Efforts by cities to lower carbon output in buildings, transport, materials efficiency and waste could deliver economic returns amounting to $24tr globally, according to a new report from the Coalition for Urban Transitions.

The Coalition for Urban Transitions comprises 50 organisations, with significant funding from the UK Government’s Department for International Development. The body has urged national governments to do more in cities, which now hold over half the world’s population and produce three-quarters of carbon emissions, it said.

The report calls for an investment of US$1.8tr (£1.4tr) – approximately 2 per cent of global GDP – per year. It also suggests that this investment would generate annual returns worth US$2.8tr in 2030 and US$7tr in 2050 based on cost savings alone.

Many of these low-carbon measures would pay for themselves in less than five years, including more efficient lighting, electric vehicles, improved freight logistics and solid waste management.

Low-carbon measures in cities – based on already available technologies, such as electric buses – could deliver over half the emissions cuts needed to keep global temperature rise below 2°C above pre-industrial times, the level mandated in the 2015 Paris Agreement.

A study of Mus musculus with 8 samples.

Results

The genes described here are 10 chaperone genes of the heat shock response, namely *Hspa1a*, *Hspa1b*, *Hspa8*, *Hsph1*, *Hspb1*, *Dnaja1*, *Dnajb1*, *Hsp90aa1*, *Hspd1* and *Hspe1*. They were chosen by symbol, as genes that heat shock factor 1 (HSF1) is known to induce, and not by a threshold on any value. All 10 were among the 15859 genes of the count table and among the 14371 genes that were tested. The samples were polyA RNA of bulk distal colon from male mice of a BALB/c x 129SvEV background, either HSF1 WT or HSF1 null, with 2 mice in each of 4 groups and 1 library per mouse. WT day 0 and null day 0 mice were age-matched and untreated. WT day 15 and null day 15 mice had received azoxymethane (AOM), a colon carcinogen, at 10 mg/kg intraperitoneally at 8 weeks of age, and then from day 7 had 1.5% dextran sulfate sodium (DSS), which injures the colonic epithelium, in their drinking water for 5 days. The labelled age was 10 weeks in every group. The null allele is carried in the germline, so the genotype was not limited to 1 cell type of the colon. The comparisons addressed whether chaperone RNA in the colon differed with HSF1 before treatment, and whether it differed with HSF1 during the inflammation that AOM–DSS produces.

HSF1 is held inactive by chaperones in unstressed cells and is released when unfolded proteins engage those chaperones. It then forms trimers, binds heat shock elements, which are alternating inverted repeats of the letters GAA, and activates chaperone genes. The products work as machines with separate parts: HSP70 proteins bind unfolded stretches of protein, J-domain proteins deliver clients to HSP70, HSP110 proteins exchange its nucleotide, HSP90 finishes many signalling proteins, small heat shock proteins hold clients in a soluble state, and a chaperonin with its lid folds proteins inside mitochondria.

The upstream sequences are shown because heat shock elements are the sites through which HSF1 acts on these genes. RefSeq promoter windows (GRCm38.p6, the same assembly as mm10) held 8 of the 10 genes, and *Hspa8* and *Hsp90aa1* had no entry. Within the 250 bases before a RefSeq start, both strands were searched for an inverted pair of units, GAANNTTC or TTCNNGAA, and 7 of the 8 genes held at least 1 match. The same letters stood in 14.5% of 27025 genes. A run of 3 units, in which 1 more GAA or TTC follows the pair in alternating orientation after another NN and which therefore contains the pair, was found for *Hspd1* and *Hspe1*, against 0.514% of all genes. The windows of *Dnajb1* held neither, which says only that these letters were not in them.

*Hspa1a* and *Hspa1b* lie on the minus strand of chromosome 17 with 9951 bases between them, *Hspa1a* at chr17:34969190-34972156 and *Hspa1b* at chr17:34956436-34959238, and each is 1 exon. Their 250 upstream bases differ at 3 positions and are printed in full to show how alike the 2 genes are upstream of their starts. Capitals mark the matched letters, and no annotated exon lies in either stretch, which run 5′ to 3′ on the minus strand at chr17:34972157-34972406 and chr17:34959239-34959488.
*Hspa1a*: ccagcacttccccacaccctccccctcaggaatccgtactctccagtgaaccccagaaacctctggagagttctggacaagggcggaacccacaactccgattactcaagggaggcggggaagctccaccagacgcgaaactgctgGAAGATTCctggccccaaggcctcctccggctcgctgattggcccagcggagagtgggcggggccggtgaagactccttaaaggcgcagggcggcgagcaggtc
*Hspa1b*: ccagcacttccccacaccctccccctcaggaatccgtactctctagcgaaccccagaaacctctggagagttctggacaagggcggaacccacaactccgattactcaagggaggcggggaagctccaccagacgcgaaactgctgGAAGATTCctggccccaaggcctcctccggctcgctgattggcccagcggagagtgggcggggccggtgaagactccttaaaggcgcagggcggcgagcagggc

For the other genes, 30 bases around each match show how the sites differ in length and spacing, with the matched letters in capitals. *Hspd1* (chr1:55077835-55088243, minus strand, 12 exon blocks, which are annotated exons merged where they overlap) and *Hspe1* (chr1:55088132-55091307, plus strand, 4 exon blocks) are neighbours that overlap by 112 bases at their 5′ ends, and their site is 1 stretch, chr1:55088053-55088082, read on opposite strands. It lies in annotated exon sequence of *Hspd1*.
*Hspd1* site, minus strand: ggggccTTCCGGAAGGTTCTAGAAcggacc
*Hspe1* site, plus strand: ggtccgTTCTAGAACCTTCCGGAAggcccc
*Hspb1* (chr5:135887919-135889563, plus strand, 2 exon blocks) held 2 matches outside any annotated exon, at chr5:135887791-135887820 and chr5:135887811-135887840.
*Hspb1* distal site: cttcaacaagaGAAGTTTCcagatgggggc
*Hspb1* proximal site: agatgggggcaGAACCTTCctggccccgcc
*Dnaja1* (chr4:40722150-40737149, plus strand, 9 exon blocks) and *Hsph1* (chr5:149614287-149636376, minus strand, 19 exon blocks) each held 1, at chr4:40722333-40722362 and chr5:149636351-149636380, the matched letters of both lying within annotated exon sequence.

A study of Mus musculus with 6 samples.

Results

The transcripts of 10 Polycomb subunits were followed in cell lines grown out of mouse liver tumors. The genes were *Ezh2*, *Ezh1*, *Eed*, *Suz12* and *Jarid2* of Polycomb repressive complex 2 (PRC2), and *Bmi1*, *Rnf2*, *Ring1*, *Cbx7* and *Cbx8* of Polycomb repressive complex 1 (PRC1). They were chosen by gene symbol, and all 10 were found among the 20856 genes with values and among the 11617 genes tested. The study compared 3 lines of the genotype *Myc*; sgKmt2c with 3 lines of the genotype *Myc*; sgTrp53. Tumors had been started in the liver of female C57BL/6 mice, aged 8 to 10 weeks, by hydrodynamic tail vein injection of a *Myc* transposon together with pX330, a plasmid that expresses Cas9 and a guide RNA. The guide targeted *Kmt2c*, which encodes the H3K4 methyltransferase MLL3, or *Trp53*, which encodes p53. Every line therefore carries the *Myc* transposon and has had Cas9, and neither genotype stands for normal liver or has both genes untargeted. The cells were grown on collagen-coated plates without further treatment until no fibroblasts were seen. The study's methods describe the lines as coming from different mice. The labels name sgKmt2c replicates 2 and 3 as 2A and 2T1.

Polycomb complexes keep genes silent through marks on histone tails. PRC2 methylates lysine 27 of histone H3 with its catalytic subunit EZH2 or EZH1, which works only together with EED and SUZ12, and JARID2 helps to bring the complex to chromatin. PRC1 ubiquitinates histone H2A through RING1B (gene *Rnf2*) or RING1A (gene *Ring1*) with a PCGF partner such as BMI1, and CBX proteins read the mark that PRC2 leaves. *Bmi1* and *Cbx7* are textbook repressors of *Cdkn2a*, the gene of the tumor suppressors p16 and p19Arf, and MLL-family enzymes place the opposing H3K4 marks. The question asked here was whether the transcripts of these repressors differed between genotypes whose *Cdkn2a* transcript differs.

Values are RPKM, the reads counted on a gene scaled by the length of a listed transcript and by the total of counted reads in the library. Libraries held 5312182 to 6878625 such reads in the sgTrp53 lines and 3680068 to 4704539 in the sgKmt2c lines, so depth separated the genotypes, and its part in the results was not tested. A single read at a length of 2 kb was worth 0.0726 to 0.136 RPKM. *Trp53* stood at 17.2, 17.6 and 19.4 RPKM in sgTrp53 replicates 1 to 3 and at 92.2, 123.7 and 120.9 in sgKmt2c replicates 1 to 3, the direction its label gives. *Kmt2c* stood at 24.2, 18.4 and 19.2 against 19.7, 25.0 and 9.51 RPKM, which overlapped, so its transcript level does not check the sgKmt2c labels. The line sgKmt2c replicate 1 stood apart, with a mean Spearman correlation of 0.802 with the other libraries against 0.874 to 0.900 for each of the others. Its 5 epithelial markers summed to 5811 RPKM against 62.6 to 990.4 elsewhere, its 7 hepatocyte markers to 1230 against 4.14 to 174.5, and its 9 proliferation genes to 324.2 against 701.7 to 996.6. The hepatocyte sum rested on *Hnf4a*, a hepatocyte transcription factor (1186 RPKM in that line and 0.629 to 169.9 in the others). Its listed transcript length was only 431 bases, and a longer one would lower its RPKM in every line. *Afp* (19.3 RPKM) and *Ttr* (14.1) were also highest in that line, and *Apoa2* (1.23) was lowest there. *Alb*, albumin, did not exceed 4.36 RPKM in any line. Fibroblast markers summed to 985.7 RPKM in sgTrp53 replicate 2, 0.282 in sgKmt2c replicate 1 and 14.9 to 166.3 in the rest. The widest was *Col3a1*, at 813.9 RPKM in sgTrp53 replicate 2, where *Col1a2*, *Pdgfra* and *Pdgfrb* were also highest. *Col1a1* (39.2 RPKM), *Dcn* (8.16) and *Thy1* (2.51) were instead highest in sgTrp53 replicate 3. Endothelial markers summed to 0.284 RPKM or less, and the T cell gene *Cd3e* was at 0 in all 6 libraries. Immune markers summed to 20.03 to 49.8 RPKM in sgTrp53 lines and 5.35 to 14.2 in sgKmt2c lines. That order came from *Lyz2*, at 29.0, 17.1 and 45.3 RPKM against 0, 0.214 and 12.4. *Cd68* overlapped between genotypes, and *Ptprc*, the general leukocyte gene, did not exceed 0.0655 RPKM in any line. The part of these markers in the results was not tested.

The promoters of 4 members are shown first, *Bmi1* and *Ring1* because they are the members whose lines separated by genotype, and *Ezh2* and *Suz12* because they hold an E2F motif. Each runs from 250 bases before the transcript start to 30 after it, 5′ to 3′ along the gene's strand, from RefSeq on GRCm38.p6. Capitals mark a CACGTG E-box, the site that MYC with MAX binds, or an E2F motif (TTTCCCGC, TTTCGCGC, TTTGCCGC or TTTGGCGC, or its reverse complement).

“It is possible and realistic to realise net-zero urban emissions by 2050,” UN secretary-general Antonio Guterres said in a statement on the report.

“To get there, we will need the full engagement of city governments, combined with national action and support.”

The report also says that city dwellers will benefit from cleaner cities with higher standards of living as well as enhanced job creation from the investments.

 

The measures proposed will also reduce choking air pollution, cut chronic traffic congestion and improve worker productivity.

Eric Garcetti, the mayor of Los Angeles, told journalists that his city had been installing huge amounts of solar power, supporting firefighters grappling with record California forest blazes and creating jobs in electric and other green transport.

The second-largest city in the United States was pushing forward, he said, despite hostile signals on climate action from President Donald Trump, who wants to quit the Paris Agreement.

“In my country – where the Trump administration is actively pulling us back in the fight against climate change – mayors and cities are still doing the work that serves our residents and our futures,” Garcetti said.

Germany, by contrast, has a national climate initiative that has invested €905m in 29,000 local projects over the last decade, said environment minister Svenja Schulze.

These range from upgrading street lights to setting up “mobility stations” with bike-parking and car-sharing near public transport stops.

As part of his campaigning, Democratic presidential hopeful Joe Biden unveiled a $1.7tr plan to cut carbon emissions by rolling back corporate tax cuts introduced under Donald Trump.